Exploring the Active House Concept
Active House is a vision that plays off of the concept of Passive House or PassivHaus, as it is known in countries besides the U.S. Passive House standards are geared towards using insulation and “passive” design elements to promote natural energy savings, ventilation, and comfort. Active House standards, on the other hand, are geared towards adding features such as skylights and windows in addition to specific design elements to actively save energy, decrease the impact on the environment, and increase comfort.
Who is Behind the Active House Concept?
The Active House Alliance is made up of companies and organizations from around the world that specialize in construction, manufacturing, architecture, ventilation, and many other areas. Some members are engineers or design experts that help to come up with design elements that will further the goals of the Alliance. The head office of the Alliance is located in Brussels, Belgium. Individuals and companies around the world can support the Active House concept by becoming network users or even members of the Alliance.
Goals of the Active House Alliance
The main goal of the Active House Alliance is to create an independent and international influence that helps to further the cause of crafting buildings that are healthier and more comfortable for residents, yet do not negatively impact the environment or the climate. The Active House Alliance seeks to open dialogues between building partners that help to achieve the goals and inspire designers to take a more holistic approach to construction. The Active House Alliance hopes to inspire politicians, legislators, building material suppliers, and architects to participate in furthering the Active House concept.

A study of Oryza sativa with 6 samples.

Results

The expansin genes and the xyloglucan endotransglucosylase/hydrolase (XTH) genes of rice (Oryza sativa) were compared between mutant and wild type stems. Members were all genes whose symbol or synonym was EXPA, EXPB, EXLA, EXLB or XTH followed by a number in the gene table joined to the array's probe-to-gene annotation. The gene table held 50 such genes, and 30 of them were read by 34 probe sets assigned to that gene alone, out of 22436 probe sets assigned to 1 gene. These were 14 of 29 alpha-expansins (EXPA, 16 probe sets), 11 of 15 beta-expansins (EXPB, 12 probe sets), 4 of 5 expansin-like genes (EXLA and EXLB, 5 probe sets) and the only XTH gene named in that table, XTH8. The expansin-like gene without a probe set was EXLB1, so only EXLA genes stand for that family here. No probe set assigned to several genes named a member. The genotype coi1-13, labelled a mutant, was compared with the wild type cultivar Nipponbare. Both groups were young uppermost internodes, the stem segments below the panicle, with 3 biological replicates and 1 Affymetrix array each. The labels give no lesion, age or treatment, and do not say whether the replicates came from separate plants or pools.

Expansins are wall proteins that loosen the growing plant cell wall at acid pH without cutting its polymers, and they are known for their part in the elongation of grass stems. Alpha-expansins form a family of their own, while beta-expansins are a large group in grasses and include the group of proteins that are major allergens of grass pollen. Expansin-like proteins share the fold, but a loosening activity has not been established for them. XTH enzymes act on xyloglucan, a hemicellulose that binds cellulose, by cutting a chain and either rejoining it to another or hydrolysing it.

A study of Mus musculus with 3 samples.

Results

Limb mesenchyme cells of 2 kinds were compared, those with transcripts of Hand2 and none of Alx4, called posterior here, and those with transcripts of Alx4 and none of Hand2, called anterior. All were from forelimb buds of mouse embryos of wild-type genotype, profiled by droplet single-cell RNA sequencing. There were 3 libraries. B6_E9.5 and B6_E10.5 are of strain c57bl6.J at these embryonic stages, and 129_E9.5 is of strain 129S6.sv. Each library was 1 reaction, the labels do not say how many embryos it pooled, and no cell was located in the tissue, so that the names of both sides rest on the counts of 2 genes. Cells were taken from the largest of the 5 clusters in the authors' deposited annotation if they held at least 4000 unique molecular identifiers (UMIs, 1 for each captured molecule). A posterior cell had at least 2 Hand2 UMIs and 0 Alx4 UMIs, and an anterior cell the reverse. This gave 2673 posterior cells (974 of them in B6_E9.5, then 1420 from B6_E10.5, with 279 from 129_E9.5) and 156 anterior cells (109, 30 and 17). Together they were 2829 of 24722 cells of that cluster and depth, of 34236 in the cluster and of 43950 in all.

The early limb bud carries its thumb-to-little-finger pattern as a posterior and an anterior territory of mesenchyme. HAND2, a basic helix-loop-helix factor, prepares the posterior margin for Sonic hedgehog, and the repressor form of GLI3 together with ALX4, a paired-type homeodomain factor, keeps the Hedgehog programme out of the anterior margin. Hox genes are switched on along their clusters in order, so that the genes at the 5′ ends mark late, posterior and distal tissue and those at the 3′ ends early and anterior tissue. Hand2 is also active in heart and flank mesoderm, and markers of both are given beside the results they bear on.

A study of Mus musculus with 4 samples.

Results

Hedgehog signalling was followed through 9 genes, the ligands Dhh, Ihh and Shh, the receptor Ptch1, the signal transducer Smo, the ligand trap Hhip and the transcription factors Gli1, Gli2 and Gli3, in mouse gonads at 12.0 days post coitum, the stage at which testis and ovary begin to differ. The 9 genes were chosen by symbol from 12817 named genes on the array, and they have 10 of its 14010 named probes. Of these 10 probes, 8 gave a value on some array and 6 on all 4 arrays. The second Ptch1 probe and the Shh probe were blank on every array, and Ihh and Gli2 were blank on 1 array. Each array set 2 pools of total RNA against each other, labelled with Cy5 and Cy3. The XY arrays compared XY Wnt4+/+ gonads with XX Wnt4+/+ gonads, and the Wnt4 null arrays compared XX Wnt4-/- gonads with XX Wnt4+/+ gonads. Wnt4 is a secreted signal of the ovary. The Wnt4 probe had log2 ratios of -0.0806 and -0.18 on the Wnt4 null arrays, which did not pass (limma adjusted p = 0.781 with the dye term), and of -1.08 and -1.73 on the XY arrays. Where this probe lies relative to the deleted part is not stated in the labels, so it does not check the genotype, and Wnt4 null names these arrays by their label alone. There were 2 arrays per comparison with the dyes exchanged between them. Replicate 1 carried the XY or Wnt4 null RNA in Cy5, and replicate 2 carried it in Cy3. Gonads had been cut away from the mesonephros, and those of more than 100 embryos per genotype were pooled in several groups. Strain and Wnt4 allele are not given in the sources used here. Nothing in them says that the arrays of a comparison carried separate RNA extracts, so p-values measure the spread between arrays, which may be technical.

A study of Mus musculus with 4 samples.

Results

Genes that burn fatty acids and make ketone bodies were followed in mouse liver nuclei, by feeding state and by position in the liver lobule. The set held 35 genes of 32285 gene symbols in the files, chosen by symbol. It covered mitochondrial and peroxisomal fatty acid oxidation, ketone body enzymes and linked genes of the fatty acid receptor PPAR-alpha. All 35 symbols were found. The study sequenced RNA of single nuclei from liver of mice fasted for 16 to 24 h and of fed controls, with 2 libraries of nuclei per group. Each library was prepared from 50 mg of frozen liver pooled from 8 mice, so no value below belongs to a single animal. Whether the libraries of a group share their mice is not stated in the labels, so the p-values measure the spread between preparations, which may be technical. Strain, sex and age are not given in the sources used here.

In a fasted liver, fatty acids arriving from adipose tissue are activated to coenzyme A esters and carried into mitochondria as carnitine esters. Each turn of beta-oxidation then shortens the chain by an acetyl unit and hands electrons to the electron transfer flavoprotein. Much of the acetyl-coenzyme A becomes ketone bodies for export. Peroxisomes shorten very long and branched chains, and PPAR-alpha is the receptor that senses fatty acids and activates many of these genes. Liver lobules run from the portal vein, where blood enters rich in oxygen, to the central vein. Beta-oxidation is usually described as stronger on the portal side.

Active House Standards
The Active House standards differ from Passive House standards and other standards because they take many more elements besides energy consumption into consideration. Active House standards focus on factors such as lighting, view, indoor air quality, and ventilation. Active House standards also focus on noise transmission, freshwater consumption, and the life cycle of building materials used. Active Houses generally use more energy than Passive House standards allow, however.
Active House Design Elements
Some of the main elements that are used in the design of Active Houses are skylights, windows, and solar panels. Skylights and windows can be used to control the amount of light and heat energy that is allowed into the home, decreasing the need for heating or cooling and artificial lighting. Since these are some of the highest energy consuming activities in the home, energy usage is naturally decreased without sacrificing comfort. Active Houses may differ widely in appearance and structure, however.
A More Comfortable Solution
Active Houses are designed to cater to many different needs of homeowners and occupants, whereas most housing standards simply drive towards decreasing energy usage. This makes Active Houses a more comfortable solution than most “green” buildings. While many green concepts try to limit the number of windows to save energy and tighten the building envelope, Active Houses use windows for lighting and ventilation, giving the homes an open feel.